The Independent Voice of Southern Methodist University Since 1915

The Daily Campus

The Daily Campus

The Independent Voice of Southern Methodist University Since 1915

The Daily Campus

The Independent Voice of Southern Methodist University Since 1915

The Daily Campus


When Ingmar Bergman died this summer, most newspapers eulogized his career’s value with one turn of trivia: He was Woody Allen’s favorite director. They’d have done better to reference Jean-Luc Godard’s words in France’s Cahiers du Cinema in July 1958. Reviewing the director’s body of work, praised so much by so many, Godard simply concluded, “Bergman IS cinema.”

I am something close to illiterate when it comes to the theater, but based on one show I’m less of a child left behind. When you begin the journey of knowing an art, you look to the best, most shining examples of faithfulness to the craft; they will tell you all you need to know.

Thus, I won’t say that the Meadows performance of Lanford Wilson’s “Balm in Gilead,” which premiered Wednesday, is perhaps the best show I’ve ever seen, with a pitch-perfect cast and a meticulous set. No, the greatest praise is more succinct: “Balm in Gilead” IS theater.

More importantly, it’s theater that you should come out to see. Despite its setting in a 1960s New York diner, “Balm” is as relevant as the headlines of tomorrow’s paper.

Every actor fulfills his or her role beautifully, with each line expressed as if thought a millisecond before. These people, all inside or around the diner, move in and out of conversations but maintain momentum through the pauses. And they are all characters we know or, more tragically, are ourselves.

We reminiscence when we see Tig (Frederick Ford Beckley) thrown out of the diner, symbolic for every rebellion we’ve undertaken. We feel Joe’s (Sky King) anguish as he silently debates a hustling deal that’s costing him $100 a day during an era when $100 was a lot of money for people besides every generation’s college students at rent time.

And when Darlene (Emily Ernst) concludes an extended conversation “to make a long story short,” we laugh because we’ve met that type of person more times than we want to count.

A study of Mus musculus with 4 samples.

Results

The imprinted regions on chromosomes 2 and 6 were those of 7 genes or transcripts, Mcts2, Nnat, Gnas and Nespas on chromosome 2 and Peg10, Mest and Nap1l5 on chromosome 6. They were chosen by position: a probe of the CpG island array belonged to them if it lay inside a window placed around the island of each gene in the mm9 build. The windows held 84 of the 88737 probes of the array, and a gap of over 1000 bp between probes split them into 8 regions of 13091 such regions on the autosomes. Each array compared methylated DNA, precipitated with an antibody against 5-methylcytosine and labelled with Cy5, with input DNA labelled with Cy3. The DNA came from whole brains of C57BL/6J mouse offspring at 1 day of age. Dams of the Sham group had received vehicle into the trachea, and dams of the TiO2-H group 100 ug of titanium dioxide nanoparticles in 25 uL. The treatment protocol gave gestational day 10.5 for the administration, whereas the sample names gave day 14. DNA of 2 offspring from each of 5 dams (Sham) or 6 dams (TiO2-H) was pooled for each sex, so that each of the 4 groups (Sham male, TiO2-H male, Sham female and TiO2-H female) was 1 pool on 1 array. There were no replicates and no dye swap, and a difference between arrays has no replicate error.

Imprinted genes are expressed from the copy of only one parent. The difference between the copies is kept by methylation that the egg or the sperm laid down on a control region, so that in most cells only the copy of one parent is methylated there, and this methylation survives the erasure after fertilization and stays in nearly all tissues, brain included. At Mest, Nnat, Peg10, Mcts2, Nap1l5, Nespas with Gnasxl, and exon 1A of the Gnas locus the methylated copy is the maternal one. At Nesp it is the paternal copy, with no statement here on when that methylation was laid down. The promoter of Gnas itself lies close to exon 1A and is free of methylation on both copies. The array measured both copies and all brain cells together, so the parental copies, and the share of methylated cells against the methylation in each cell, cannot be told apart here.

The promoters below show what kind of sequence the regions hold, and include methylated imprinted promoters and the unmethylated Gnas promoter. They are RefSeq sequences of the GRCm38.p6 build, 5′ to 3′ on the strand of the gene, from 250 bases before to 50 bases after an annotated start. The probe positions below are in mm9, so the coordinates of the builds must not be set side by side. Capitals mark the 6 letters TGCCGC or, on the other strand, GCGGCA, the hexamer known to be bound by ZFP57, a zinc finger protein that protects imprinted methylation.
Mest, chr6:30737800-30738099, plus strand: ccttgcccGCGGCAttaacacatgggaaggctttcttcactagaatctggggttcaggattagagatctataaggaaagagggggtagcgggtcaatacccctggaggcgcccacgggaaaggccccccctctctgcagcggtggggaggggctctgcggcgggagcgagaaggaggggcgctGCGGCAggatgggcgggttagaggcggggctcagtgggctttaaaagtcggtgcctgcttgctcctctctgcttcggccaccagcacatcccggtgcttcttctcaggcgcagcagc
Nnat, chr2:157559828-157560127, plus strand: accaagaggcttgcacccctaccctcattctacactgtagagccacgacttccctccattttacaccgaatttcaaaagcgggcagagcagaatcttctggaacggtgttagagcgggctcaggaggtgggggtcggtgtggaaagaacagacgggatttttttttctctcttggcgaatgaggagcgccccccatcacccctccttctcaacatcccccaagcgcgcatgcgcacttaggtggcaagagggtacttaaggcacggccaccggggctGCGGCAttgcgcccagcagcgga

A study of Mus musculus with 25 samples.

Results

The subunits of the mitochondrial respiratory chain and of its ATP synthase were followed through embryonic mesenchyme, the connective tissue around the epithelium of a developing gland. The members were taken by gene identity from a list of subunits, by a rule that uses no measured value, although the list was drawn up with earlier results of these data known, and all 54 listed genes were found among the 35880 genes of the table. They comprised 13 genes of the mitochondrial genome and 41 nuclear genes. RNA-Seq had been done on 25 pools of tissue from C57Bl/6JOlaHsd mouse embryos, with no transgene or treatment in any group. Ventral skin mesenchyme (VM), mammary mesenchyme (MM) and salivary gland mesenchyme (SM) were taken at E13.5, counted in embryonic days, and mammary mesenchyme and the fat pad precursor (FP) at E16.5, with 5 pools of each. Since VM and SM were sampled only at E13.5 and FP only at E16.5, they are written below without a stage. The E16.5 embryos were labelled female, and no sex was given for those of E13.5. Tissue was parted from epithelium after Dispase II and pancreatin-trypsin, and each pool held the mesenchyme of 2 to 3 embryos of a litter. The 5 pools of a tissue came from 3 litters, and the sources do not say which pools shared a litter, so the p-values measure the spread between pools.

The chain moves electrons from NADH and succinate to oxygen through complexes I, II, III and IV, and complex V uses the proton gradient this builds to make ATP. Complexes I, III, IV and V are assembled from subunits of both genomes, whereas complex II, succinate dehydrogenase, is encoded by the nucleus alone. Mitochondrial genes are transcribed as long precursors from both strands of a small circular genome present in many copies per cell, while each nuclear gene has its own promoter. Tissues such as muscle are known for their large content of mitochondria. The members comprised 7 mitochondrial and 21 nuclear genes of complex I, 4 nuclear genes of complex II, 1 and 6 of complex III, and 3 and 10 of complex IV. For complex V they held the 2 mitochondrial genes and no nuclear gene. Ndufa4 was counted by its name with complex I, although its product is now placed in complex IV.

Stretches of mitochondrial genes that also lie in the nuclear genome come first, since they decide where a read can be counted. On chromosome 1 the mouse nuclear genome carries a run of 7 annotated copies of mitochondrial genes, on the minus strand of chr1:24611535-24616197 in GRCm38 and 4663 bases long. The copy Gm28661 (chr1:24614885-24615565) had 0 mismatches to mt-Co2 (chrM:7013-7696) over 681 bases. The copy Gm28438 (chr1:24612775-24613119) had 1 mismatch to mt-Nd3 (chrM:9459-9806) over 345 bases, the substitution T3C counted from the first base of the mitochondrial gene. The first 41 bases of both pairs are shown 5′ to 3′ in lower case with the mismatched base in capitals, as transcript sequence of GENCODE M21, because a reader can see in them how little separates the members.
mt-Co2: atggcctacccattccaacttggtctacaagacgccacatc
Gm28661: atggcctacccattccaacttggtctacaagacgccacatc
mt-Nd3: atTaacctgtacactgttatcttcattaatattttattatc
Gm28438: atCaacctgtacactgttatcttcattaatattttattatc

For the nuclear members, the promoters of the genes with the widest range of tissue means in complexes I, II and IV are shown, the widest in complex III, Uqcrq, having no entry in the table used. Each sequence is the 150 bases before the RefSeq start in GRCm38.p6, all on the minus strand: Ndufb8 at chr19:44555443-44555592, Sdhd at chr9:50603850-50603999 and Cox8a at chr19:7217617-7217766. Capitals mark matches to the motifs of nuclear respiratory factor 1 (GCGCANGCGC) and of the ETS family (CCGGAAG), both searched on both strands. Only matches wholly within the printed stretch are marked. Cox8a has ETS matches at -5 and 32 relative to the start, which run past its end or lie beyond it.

It is not a criticism to say “Balm” takes you through all emotions, positive and negative. Its firm commitment to portraying life includes the pain that comes with all great drama.

The scenes come from our day-to-day world, but their presentation is from something more metaphysical. So when a cigarette’s lit, the world stops. But when other crucial moments come, they are obscured in a din of noise. In this way, “Balm” is the marriage of two disparate approaches, with the result transcending both. When the play’s pivotal climax arrives, it’s replayed three times, with two trick-or-treaters providing the rewind button. Here we see the gravity of the act, then the dynamicism of the ensemble and, finally, the insufferable continuation of everyday living.

I suspect all that makes the entire play great is in that moment. It’s a cast that believes their characters and lives them onstage. It’s the disjointedness of life, in the ’60s and today. It’s the dreams of human beings as they collide. Director Travis Ballenger has brought together many talents to accomplish this great feat. There are many other moments, but you will have to complete the vision yourself.

“Balm in Gilead” runs until Sunday. Go see it. When the entire cast joins the play’s gang of loiterers for singing a medley of their lives to a tune familiar to New Year’s parties, their voices almost make a hymn. And that’s an appropriate way to conclude, for if you care about art, missing “Balm in Gilead” is akin to skipping Christmas Eve mass.